The guy in the mall food court was hard to miss. It wasn’t just his threadbare clothes and duffel bag. It was the way he scanned the tables, more focused on the food than the people. When my wife, Michele, and I stood and picked up our trays, he came over. “If you’re not going to finish that sandwich, I’ll take it,” he said.
“Sure,” I said, disturbed that a young guy—no more than 25—had to ask strangers for leftovers. Then something on his duffel caught my eye. A military ID patch. He was a homeless vet, back from combat with no idea where to go.
That could have been me.
I grew up in Webster, Florida, on my parents’ blueberry farm. I couldn’t wait to escape small-town life. The Army was my ticket out. See the world and serve my country...what could be a better adventure? I enlisted just out of high school.
By the time my unit deployed to Iraq in 2003, I was 26, a sergeant, newly married to a beautiful pediatric nurse. I was excited about seeing action. Michele wasn’t. “Before, you were on support missions. This is combat. I’m scared.”
“Try not to worry,” I said. “I’ll be fine.”
My first months in Iraq were more of a grind than dangerous. Then my platoon started running missions in the densely populated, tumultuous Sunni Triangle. We had to be on constant high alert. You never knew who the enemy was (they weren’t in uniform) or where they might be holed up. Your nerves never rested.
In May 2004, two weeks before my tour of duty was due to end, we were clearing a village said to be an insurgent stronghold. One of my guys went down, hit by a sniper. I ran out to pull him to cover. A mortar bomb knocked me off my feet. Shrapnel ripped into my legs and head.
I lay in the dirt, helpless, bombs exploding around me, my men returning fire. All I could think of was Michele, my family and how desperately I wanted to see them again. Lord, can you see me? If you get me home, I promise I’ll make my life worth saving. Then I passed out.
I had blinding headaches, memory and other cognitive problems and balance issues so I needed a cane to walk. My military career was done.
The hyper-vigilance that kept me alive in the war zone didn’t translate well to civilian life. My anxiety was intense. Being around even a few people made me jittery. I woke up sweat-drenched from nightmares. It seemed like everything I used to count on—strength, discipline, toughness—had been stripped away.
Except for Michele and her love for me, her patience. She encouraged me to go back to school. It was slow going because of my TBI-related cognitive impairments, but I got a business degree. I found work with a healthcare staffing firm.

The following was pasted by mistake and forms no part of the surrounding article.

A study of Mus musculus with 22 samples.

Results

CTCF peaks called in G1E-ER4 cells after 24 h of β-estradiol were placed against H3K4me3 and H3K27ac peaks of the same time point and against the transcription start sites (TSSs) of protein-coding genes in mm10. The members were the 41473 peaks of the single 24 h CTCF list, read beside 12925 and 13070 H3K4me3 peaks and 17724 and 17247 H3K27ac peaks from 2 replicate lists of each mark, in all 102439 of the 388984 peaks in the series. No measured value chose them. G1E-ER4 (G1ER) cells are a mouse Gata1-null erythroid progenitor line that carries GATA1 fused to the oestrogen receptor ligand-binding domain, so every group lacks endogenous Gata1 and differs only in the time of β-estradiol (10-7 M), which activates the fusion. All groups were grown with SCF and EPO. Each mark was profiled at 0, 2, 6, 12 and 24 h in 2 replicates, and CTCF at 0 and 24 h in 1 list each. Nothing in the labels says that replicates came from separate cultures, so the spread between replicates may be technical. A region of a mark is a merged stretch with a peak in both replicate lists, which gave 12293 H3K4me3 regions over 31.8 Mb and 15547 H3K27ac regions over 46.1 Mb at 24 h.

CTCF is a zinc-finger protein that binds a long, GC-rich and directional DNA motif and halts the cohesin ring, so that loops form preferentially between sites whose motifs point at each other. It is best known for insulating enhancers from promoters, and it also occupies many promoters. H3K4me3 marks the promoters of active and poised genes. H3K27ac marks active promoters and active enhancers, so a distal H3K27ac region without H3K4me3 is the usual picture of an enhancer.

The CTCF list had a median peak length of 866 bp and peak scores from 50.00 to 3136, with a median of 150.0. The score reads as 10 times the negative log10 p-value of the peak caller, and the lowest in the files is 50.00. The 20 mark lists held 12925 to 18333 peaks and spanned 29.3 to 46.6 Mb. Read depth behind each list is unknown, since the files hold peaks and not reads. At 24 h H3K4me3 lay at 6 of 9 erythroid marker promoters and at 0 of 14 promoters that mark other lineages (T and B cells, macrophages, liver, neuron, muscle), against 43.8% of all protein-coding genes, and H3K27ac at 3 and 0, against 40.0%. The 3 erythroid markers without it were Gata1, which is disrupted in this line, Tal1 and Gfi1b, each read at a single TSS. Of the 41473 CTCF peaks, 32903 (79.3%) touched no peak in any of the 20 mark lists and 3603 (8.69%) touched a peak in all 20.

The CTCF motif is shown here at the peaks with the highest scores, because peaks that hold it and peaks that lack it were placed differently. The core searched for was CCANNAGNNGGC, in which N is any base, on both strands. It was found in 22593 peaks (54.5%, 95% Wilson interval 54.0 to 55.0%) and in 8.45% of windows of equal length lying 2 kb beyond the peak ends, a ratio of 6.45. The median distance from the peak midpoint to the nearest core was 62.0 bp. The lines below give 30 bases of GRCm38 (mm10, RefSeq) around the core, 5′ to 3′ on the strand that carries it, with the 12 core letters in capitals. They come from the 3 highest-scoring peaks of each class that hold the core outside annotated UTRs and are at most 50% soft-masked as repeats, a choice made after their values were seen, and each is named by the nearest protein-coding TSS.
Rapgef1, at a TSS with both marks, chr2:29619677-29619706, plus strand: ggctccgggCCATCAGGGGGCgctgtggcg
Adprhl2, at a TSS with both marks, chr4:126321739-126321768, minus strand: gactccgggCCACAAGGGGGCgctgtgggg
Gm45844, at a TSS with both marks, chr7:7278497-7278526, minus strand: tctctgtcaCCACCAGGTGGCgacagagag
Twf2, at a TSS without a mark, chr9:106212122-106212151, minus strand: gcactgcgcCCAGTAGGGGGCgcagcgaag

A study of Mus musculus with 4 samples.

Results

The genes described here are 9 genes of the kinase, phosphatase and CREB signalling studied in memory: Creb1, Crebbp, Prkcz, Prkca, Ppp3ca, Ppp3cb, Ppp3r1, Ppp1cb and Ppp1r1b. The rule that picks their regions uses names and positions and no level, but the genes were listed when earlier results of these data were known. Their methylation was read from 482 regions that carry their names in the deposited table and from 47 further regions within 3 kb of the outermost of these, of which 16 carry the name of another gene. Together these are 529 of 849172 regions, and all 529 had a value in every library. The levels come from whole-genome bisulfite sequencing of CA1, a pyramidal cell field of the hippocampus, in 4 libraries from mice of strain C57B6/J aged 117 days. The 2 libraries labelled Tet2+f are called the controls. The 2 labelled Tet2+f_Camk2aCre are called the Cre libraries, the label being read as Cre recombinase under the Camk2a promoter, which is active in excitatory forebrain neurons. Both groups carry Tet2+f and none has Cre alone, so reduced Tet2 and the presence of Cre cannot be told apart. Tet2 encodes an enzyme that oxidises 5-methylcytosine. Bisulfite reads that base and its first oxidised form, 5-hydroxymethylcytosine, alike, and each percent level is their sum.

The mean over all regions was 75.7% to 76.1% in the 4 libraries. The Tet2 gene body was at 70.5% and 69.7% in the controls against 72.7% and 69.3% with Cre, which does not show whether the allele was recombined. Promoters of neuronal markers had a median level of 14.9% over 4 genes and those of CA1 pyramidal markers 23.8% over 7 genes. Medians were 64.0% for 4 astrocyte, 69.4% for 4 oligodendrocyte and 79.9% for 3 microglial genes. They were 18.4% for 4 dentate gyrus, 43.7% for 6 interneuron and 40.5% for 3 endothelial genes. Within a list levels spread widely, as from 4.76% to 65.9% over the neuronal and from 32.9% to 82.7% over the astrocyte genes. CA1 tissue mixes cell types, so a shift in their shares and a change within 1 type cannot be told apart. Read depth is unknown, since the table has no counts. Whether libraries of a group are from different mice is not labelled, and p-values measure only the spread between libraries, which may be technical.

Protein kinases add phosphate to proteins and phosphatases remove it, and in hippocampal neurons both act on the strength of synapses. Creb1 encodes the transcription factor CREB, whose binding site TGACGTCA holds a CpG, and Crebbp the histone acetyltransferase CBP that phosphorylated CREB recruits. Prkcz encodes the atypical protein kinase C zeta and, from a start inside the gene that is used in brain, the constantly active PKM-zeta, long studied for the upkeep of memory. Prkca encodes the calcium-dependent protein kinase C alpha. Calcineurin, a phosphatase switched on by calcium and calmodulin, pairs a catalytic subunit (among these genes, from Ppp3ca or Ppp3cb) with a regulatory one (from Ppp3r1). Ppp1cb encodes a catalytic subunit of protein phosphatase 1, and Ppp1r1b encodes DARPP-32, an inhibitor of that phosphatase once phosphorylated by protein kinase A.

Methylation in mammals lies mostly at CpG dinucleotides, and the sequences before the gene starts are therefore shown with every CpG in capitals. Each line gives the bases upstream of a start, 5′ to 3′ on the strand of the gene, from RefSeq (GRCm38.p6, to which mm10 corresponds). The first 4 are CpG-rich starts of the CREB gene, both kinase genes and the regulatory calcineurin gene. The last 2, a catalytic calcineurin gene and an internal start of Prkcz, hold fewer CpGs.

It didn’t take long to see an office job wasn’t for me. I was still riddled with anxiety. Sometimes I’d think about that promise I’d made to the Lord lying in the street in Iraq. Would I ever be able to make good on it? Would it have been better if I had not made it back? No, no, I couldn’t think like that!
When my family offered me a small plot of land on the old farm in Webster, my first instinct was to say no. The tedium, the isolation, the labor in the fields...hadn’t I spent all these years trying to get away from the farm? Michele convinced me to give it a try. “Farming’s in your blood,” she said. “Maybe this is what you need.”
I decided to go with what I knew best—blueberries. Researching organic farming methods, figuring out the right plants and soil mix, got my brain in gear like nothing else. A great group called the Farmer-Veteran Coalition helped me buy my first bushes. I used my disability pay to get an irrigation system.
Then came the morning I went out onto my little patch of land to start planting. I got down on my knees, dug my hands into the dirt. The earthy smell of it brought a rush of memories. When I was little I used to love plunging deep into the rows of bushes where no one could see me.
It was like being in my own blueberry forest, so beautiful and peaceful it was almost holy. There’s no hurry here, I thought. The only sound was birds chirping. No noise, no pressure, no worries. Maybe for the first time since I’d been wounded, my heart and mind stopped racing.
That calm didn’t leave me all day. Finally I stood and surveyed the neat rows of blueberry bushes I’d planted. Tiring work, but so satisfying to have something to show for it.
Michele helped during her off hours, but mostly I worked the field alone. One by one other veterans started to come out and join us. Then they brought along other vet buddies. We had different post-combat issues, but they all seemed to work themselves out on the farm.
My coordination and balance improved and I got rid of my cane. My thinking and memory sharpened, my anxiety subsided. Working together helped us feel comfortable around other people again.
“You’ll find a way,” she said.
“If only he could work on a farm like ours,” I said, “he’d get back on track.”
That’s when it came to me. What if I expanded our farm, made it a place where disabled veterans could work and heal and reintegrate into civilian life? I made tons of phone calls trying to find a way to turn my idea into reality.
Someone put me in touch with Work Vessels for Veterans, a group that gives returning vets start-up tools for new careers. In my case, that was eight acres of farmland near Jacksonville, where there are large numbers of returning military.
Things took off from there. Veterans Farm is thriving. There’s a fellowship program so disabled vets can earn a living while they learn to run an organic farm. At the end, they get seed money to start their own farms. We grow fruit and vegetables, raise tilapia and chickens and keep bees.
Our biggest crop is blueberries. We sell them at farmers markets as Red, White and Blueberries.
That young man from the mall? I never saw him again. I pray he finds his way. He helped me find mine. And if he ever needs work, I know a farm that can use his help, a place of promise fulfilled under the loving eye of the Lord.